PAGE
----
Welcome to another installment of If My Book, the Monkeybicycle feature in which authors shed light on their recently released books by comparing them to weird things. This week Sara Rauch writes about What Shines from It, her debut story collection just published by Alternating Current.

If What Shines from It were an animal, it’d be a stray cat. A little bit feral, but not beyond the desire for connection. Its black fur would be glossy despite the exposure to the elements, and it would run away when you tried to catch it, only to turn back and make sure you followed. One night you’d find the cat inside your house and wonder when it changed its mind. Years later, there it would be, purr-snoring at the foot of the bed, as if it had never belonged anywhere else.

If What Shines from It were a plant, it’d be a thistle. The kind of thing a well-meaning neighbor might suggest pulling from your garden, but no, you love the spiky leaves and the pollen-dusted bees always abuzz upon the strange flowers. Come fall, they burst from pinkish-purple brushes into seeds that are at once earthy and ethereal, so many of them, spectacular and ready to alight.

If What Shines from It were a cup of coffee, it would be served piping hot and unadorned by milk and sugar, inside a hand-thrown mug with a chip in the rim. The coffee would steam and the steam would rise like ghosts, dispersing into the air. The dark surface of the liquid would reflect the world beyond. Where are we: the city, the wilderness? Or somewhere else, somewhere far away from the forced dichotomy of either/or, a place that is yes/and, a place where love moves like a ripple across our bodies and our bodies are 78% water and we are ever attempting to stay afloat. Coffee is a promise, made each day in the act of brewing, and writing is this way too. Coffee is bitter, though it can also be sweet, just like heartbreak, just like stories.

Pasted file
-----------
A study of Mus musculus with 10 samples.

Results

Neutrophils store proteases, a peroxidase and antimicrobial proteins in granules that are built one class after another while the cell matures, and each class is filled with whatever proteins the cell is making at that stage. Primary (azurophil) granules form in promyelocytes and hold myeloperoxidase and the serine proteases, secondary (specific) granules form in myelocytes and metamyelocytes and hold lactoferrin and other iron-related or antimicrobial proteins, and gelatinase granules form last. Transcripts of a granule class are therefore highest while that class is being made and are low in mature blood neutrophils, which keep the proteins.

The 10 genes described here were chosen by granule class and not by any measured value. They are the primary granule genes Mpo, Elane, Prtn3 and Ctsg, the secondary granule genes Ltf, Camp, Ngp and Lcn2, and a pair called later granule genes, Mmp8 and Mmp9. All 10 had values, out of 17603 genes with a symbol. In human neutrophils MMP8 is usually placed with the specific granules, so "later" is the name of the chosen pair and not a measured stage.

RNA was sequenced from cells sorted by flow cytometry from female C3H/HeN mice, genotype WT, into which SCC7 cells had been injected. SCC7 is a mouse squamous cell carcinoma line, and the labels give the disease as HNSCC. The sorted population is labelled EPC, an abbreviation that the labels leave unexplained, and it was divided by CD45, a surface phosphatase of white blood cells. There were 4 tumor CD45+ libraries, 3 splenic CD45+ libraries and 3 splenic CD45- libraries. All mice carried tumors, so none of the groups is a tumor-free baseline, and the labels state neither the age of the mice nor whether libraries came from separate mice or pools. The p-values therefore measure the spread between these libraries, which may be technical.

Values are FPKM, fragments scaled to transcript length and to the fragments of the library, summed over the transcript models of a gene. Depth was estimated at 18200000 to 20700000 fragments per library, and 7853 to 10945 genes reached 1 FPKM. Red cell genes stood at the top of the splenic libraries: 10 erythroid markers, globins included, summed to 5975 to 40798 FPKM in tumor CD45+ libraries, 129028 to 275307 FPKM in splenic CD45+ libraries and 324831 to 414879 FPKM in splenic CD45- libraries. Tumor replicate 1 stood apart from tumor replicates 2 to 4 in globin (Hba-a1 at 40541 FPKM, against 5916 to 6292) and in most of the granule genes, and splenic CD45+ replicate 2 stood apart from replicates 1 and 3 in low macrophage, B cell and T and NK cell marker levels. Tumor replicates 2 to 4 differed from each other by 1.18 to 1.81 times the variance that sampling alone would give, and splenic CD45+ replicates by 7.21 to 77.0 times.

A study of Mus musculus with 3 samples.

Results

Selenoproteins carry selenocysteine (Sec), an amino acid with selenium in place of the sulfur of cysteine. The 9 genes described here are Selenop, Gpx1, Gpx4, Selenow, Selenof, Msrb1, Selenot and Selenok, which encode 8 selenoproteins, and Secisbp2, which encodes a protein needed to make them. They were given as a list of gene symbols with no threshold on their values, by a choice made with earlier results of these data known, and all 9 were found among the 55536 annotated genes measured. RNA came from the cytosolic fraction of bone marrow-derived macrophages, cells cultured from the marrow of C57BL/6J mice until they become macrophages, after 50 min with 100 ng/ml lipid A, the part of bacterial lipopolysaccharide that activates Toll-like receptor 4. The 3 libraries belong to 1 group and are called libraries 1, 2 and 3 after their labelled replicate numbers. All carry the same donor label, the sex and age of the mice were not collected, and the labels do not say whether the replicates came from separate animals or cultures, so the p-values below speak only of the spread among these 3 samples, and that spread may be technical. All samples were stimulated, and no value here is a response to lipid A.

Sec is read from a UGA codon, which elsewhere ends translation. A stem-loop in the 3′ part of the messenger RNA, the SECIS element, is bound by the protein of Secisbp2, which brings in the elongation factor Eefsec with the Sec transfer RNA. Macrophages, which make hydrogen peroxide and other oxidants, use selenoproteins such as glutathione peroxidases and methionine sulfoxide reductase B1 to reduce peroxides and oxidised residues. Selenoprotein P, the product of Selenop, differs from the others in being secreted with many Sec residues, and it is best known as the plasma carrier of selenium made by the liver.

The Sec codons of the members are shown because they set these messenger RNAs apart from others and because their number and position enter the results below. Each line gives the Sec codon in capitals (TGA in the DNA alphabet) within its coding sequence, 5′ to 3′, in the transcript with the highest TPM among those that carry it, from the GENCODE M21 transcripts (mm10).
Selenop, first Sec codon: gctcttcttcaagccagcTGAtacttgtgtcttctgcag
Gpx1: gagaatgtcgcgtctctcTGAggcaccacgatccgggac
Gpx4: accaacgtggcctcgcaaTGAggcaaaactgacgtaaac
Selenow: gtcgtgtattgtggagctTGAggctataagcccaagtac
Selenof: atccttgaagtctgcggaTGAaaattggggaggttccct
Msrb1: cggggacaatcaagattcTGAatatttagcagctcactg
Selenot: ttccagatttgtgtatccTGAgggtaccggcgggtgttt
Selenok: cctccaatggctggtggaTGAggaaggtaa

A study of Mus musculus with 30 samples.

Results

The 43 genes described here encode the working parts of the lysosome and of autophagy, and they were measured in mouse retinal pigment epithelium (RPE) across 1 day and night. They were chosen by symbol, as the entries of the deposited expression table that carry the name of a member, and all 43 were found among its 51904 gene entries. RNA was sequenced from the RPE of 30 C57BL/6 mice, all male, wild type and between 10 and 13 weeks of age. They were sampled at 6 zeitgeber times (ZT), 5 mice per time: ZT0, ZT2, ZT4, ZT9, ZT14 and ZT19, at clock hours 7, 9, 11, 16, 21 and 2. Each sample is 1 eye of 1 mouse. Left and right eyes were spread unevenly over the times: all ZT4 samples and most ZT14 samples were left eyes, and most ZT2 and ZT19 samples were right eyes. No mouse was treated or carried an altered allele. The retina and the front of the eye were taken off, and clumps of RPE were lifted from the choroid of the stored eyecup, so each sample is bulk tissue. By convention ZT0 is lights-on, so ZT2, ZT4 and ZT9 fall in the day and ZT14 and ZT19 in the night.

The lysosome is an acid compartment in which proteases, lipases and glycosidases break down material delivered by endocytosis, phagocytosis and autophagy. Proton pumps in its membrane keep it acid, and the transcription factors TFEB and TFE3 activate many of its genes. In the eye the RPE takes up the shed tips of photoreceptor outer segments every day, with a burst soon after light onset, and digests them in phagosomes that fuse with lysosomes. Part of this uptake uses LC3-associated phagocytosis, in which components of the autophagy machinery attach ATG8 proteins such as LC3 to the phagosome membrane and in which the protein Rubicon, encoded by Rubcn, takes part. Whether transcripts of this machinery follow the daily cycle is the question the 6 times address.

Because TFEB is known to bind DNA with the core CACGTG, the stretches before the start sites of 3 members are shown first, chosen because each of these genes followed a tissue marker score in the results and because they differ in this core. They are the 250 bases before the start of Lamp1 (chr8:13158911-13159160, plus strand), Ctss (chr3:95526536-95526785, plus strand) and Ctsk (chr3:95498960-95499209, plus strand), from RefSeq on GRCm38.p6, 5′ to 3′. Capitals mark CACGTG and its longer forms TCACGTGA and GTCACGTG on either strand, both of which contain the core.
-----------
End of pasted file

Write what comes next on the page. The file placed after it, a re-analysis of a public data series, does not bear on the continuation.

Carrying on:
If What Shines from It were a celestial body, it would be the sun. No, wait, that’s not quite right. The sun is too obvious, too singular. Instead, the book would be a spiral galaxy—long lines of new stars swirling around the densely clustered center. A gathering of stars. Thousands of millions of stars. Yes, that’s just the right concentrated smattering of light.

     
Sara Rauch is the author of What Shines from It: Stories. Her writing has also appeared in Paper Darts, Split Lip, So to Speak, Hobart, and other literary magazines. She lives in Massachusetts with her family. Find her online at www.sararauch.com and on Twitter at @SaraRauch.